Congress should ensure the price brewers pay for aluminum reflects market fundamentals

Credit for the first steel beverage can goes to the Krueger Brewing Company of Richmond, Va. However, in 1959, Bill Coors put Coors beer in a two-piece, seamless, recyclable aluminum can — which today is the can that is synonymous with nearly all canned beverages. Instead of patenting this design, Bill Coors and Coors Brewing Company chose instead to open-source it, allowing brewers, other beverage manufacturers, and the rest of the world to use this innovation for free. This can not only revolutionized how people enjoyed beer, but it changed the beverage industry as a whole.


Whether at a ball game or a beach, the beer can is a ubiquitous part of countless American occasions. To make sure Americans have the right beer for those occasions, our nation’s brewers package more than 60 percent of all beer produced and sold in the United States in aluminum cans and aluminum bottles. In 2017, brewers bought more than 36 billion aluminum cans and bottles, and aluminum is the single most substantial input cost in American beer manufacturing.

Because of the critical role aluminum plays in our nation’s beer industry, the new tariffs on aluminum have increased costs to brewers by $347 million, and they are endangering 20,000 good-paying American jobs dependent on the beer industry.

President TrumpDonald John TrumpTrump calls Sri Lankan prime minister following church bombings Ex-Trump lawyer: Mueller knew Trump had to call investigation a 'witch hunt' for 'political reasons' The biggest challenge from the Mueller Report depends on the vigilance of everyone MORE’s goal of bringing back U.S. manufacturing jobs is admirable and essential. However, his solution – tariffs – doesn’t get us there, and the unintended consequence of these tariffs will have an adverse effect. The American beer industry is a crown jewel of U.S. manufacturing, with two new breweries popping up every day. We will never see that kind of innovation and growth from the aluminum smelters as long as other countries, such as our allies in Canada, have lower energy and other input costs. Reports have suggested the number of jobs that could be generated by increased smelting would be less than 2,000.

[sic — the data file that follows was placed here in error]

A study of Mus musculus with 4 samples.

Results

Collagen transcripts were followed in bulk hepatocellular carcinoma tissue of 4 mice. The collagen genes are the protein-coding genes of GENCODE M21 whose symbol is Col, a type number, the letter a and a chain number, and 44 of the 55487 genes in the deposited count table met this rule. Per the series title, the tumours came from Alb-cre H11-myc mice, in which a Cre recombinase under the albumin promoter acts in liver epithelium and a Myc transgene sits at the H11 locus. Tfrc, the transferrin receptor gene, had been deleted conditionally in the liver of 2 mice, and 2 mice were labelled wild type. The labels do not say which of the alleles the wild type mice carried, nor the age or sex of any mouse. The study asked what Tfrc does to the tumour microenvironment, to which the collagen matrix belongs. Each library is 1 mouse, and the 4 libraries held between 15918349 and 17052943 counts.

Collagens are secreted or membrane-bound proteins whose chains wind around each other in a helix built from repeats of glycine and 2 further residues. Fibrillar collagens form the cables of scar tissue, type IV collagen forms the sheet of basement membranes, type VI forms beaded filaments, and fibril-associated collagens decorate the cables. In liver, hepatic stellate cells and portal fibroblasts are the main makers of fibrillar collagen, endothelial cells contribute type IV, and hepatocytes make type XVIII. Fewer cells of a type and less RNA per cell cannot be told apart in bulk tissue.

Just as President Trump has helped America’s farmers mitigate some of the harmful effects of the tariffs, the president can help alleviate the negative impact that tariffs are having on our nation’s beer industry.

Last year, Canada announced it would exempt aluminum cans imported from the United States from any tariffs – a welcomed relief to Canadian brewers and soda makers. In turn, the United States could exempt can sheet from aluminum tariffs since all of our industry’s cans are manufactured right here and therefore, not an issue of national security. In 2017, American brewers spent $5 billion on beer cans, which contain about $2.7 billion worth of aluminum, of which nearly 40 percent comes from Canada. Even the Aluminum Association has said U.S. producers could not possibly meet domestic demand.

Another issue ripe for oversight is aluminum pricing irregularities due to the arcane Midwest Premium, which skyrocketed as high as 140 percent in 2018. The Midwest Premium, created by metal producers years ago, was initially intended to cover the logistical costs of moving metal into North America – essentially a shipping and handling fee. But over time, the Midwest Premium has become a device to speculate and artificially inflate the price paid for aluminum at the expense of end users like brewers.

Last Congress, a bipartisan group of legislators in the House and Senate introduced the Aluminum Pricing Examination (APEX) Act to provide the Commodities Futures Trading Commission (CFTC) the clear jurisdiction to conduct oversight and investigate price reporting and price setting entities within aluminum markets. The Department of Justice, the Department of Commerce and – if the APEX Act passed – the CFTC, could all open investigations into the pricing irregularities exacerbated by President Trump’s tariffs.

I’ve heard from small brewers in New Jersey and large brewers in Milwaukee, and they’re telling me the aluminum tariffs are increasing their costs. Each brewer will have to decide for themselves how to absorb that expense, whether it’s raising prices, laying off workers or delaying innovation and expansion, all of which are terrible options for the industry and more importantly Americans, whose favorite alcoholic beverage is beer.

As we toast Beer Can Appreciation Day, I hope members of Congress from both sides of the aisle and across the country continue to work together to ensure the price brewers pay for aluminum reflects market fundamentals.

Jim McGreevy is president and CEO of the Beer Institute.